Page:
Gift giving may be commonplace in several countries around the globe, but in countries such as China and Japan, the ceremony involved in the exchanging of tokens can be a much more elaborate and complex affair.
Gift giving in Japan is an art form and is a key way to show respect and gratitude. Symbolism is very important, as is the ceremony of the giving of the gift, which means there are several guidelines you should follow when doing business in Japan.
Gifts will usually be offered at a first meeting and will always be beautifully wrapped in a gift box, even if the contents are modest. A quality, but not extravagant, gift is seen as a gesture that you are looking forward to building a good working relationship. It’s likely that gifts will continue to be part of your business dealings, but you should always keep in mind that expensive gifts can cause embarrassment.
One common custom is to reciprocate with a gift that is around half the value of the gift received. An exception to this is gifts given to high-level executives, which can be very lavish, as status is a big factor involved. The giving of the gift should follow a strict protocol, which involves indicating to the recipient at some point during your meeting that you have a gift you would like to present to them at the end. This is an important part of the procedure, as it allows your host time to summons other colleagues they may want in attendance.
Your gift should be offered in both hands as you bow and you should stress that it is just something small and reiterate the importance of building a strong relationship. In Japan it is polite to refuse a gift once or twice before accepting it with both hands. In general, the gift will not be opened in front of the giver, but at a later time.
When it comes to choosing an appropriate gift avoid anything bearing your company logo, instead going for delicacies from your home country and where possible have your gift wrapped once you are in Japan. Be aware of Japanese symbolism, avoiding sharp objects (which can represent severing a relationship), the colour red and the number four (which are associated with death) and things in sets of four, instead opting for pairs, which are considered lucky.
As much of Chinese culture relates to the showing and saving of ‘face’, it’s no surprise that this heavily comes into play when it comes to gift giving. Gifts will generally be refused three times, before being accepted with a reserved demeanour.
Gifts should be beautifully wrapped (ideally in China) and presented with both hands to the most senior person present and will be opened at a later stage. As official business policy in China states that gifts are bribes, it can be sensible to state that it is a small token from your company to theirs, or to wait until after any negotiations are complete to offer a gift.
If you would like to give one particular business associate a more personal present, this should be done privately and it should be made clear that it is a gift of friendship, rather than business, with the value of the gift reflecting the associate’s rank or stature.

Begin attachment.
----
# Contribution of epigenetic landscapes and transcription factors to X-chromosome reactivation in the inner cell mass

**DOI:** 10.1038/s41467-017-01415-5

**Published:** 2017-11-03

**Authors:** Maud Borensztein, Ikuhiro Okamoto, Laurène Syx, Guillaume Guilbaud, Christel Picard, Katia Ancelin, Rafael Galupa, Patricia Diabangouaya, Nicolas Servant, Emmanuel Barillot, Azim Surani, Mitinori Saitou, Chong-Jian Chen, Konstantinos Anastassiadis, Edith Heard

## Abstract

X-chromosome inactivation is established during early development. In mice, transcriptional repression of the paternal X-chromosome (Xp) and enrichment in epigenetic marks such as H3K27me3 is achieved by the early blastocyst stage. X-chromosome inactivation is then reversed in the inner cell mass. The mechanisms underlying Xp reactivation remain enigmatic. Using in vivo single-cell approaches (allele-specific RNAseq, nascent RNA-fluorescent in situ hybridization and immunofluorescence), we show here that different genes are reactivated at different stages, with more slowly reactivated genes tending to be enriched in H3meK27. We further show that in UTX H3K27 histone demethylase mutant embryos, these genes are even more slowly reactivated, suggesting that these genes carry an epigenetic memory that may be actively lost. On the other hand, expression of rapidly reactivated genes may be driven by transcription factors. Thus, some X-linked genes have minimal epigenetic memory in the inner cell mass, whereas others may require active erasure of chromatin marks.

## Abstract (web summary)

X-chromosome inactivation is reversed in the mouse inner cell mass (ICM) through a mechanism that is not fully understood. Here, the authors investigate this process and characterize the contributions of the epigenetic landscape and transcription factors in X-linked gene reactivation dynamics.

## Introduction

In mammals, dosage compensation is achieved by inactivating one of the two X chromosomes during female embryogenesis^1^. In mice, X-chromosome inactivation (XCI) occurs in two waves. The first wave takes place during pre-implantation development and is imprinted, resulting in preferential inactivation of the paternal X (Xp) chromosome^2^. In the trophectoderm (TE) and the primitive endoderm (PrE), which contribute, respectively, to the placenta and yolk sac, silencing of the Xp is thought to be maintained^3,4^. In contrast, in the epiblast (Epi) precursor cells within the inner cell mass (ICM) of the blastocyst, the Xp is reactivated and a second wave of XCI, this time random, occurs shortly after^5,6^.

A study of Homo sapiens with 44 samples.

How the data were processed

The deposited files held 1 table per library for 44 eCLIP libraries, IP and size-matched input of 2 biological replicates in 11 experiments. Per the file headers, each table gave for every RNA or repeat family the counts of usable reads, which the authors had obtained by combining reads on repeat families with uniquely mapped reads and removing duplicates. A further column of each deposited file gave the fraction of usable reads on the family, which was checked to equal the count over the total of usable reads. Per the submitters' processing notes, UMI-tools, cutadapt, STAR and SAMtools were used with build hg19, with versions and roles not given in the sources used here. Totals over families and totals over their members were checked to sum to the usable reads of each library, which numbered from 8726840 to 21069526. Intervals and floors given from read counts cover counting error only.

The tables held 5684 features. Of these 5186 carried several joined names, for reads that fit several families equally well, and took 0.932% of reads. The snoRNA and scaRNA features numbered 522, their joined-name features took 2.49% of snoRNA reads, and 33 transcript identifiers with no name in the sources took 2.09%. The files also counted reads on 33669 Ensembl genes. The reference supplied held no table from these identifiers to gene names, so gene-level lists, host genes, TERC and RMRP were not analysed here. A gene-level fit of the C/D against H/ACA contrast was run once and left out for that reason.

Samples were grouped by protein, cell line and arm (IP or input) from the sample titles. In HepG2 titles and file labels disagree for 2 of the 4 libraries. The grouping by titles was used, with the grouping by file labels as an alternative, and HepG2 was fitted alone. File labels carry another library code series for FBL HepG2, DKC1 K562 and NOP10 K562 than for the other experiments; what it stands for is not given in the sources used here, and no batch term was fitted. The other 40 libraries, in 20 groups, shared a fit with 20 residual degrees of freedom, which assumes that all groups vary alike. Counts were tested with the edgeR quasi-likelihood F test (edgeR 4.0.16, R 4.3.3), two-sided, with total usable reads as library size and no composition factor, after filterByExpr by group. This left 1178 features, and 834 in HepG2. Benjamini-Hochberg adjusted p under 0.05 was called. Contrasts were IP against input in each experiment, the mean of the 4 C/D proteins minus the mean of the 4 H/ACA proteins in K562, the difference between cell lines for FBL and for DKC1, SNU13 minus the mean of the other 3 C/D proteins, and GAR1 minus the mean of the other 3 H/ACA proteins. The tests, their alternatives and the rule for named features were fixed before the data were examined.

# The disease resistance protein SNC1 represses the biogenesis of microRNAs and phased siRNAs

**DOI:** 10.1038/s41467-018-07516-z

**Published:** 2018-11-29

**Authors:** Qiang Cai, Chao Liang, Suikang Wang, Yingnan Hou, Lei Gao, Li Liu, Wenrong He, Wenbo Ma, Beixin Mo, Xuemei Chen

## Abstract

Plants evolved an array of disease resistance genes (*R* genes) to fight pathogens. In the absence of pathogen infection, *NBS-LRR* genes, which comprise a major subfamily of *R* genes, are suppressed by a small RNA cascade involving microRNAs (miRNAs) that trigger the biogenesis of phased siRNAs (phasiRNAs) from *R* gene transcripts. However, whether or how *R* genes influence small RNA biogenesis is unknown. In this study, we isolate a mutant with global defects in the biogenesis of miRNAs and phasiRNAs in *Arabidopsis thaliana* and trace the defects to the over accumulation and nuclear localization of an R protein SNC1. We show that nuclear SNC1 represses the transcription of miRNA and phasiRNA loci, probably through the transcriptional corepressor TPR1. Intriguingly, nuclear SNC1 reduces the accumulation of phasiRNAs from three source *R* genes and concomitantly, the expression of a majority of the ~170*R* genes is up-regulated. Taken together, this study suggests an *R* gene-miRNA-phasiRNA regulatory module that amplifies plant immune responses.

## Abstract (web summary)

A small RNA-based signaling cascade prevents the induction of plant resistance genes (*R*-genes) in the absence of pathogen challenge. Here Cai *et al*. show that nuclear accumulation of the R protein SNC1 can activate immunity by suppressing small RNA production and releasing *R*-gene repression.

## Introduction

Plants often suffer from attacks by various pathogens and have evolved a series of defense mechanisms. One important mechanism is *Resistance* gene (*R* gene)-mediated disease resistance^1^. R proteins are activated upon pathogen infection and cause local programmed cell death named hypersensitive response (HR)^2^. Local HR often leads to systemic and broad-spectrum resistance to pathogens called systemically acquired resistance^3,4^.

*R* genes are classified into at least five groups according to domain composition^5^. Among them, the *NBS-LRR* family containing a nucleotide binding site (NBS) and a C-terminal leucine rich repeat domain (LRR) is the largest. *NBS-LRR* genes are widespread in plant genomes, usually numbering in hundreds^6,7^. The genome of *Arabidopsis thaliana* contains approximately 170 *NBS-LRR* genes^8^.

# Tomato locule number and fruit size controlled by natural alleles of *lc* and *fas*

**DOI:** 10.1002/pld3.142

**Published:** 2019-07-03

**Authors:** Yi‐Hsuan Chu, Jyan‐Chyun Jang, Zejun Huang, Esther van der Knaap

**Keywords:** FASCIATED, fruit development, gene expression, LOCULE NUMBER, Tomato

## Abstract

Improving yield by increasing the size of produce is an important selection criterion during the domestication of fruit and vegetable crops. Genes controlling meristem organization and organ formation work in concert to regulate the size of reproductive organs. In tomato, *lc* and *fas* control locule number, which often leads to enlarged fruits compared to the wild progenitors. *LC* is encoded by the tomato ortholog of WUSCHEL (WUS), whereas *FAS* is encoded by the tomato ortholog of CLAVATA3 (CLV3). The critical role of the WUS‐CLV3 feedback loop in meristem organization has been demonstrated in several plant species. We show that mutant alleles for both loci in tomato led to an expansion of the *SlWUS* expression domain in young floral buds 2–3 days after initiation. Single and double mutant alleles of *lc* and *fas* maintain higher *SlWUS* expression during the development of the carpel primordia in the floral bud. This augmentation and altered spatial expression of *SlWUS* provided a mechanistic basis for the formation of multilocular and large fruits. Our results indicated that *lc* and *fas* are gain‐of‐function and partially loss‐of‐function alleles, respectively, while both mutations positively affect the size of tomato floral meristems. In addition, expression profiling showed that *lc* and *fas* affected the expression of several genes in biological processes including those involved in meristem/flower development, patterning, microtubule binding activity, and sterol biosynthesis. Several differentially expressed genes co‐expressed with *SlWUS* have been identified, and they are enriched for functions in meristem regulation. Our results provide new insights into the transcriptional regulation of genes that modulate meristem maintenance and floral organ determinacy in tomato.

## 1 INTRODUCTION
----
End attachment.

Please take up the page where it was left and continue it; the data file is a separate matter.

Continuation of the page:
Symbolism in Chinese culture means red is a lucky colour, making it a good choice for a present or wrapping paper, while pink and yellow represent happiness and the number eight is also associated with good fortune. Avoid items or wrapping in black, white or blue, the number four, clocks and handkerchiefs, all of which are associated with death. You should also steer clear of sharp objects, which can represent severing a relationship.
There is much less formality surround gift giving in Thailand than elsewhere in the region. Business gifts should generally be small items, such as food items or pens and should be given and received with the right hand and opened at a later stage. Good gift wrapping again is an important factor and you should avoid paper and ribbons in green, black or blue, as these are associated with mourning, instead going for the royal colours of gold and yellow.
Indonesia and Malaysia
While gift giving is not necessarily expected when doing business in Indonesia or Malaysia, if you do decide to present a small token, you should take into account the ethnicity of the receiver, with gifting to a Chinese associate as above. When choosing a gift for ethnic Malays, it is important to remember that alcohol is forbidden in the Muslim faith, so should be avoided, and you should be sure to not give leather goods to Hindu associates. If offered a gift it is generally seen as impolite to refuse and gifts will usually be opened once the giver has left.
The exchanging of gifts can be a key part of doing business in South Korea and is seen as a way to secure favours and build relationships. Souvenirs from your home country make a good choice and items with great craftsmanship will be appreciated. It’s best to avoid expensive gifts, as this can cause awareness if the recipient feels they must then give something of the same value. If you are offered a gift you should initially refuse, accepting on the second or third attempt.
Gift giving is common in business in Taiwan, with small items such as a good quality whiskey, or office accessories of a high standard making popular choices. Be aware that custom in Taiwan requires the receiver of a gift to reciprocate with one of equal value, so you should avoid being excessive. Here the wrapping is almost as important as the gift and you can expect any offering to be politely refused at first, but you should politely persist until it is accepted.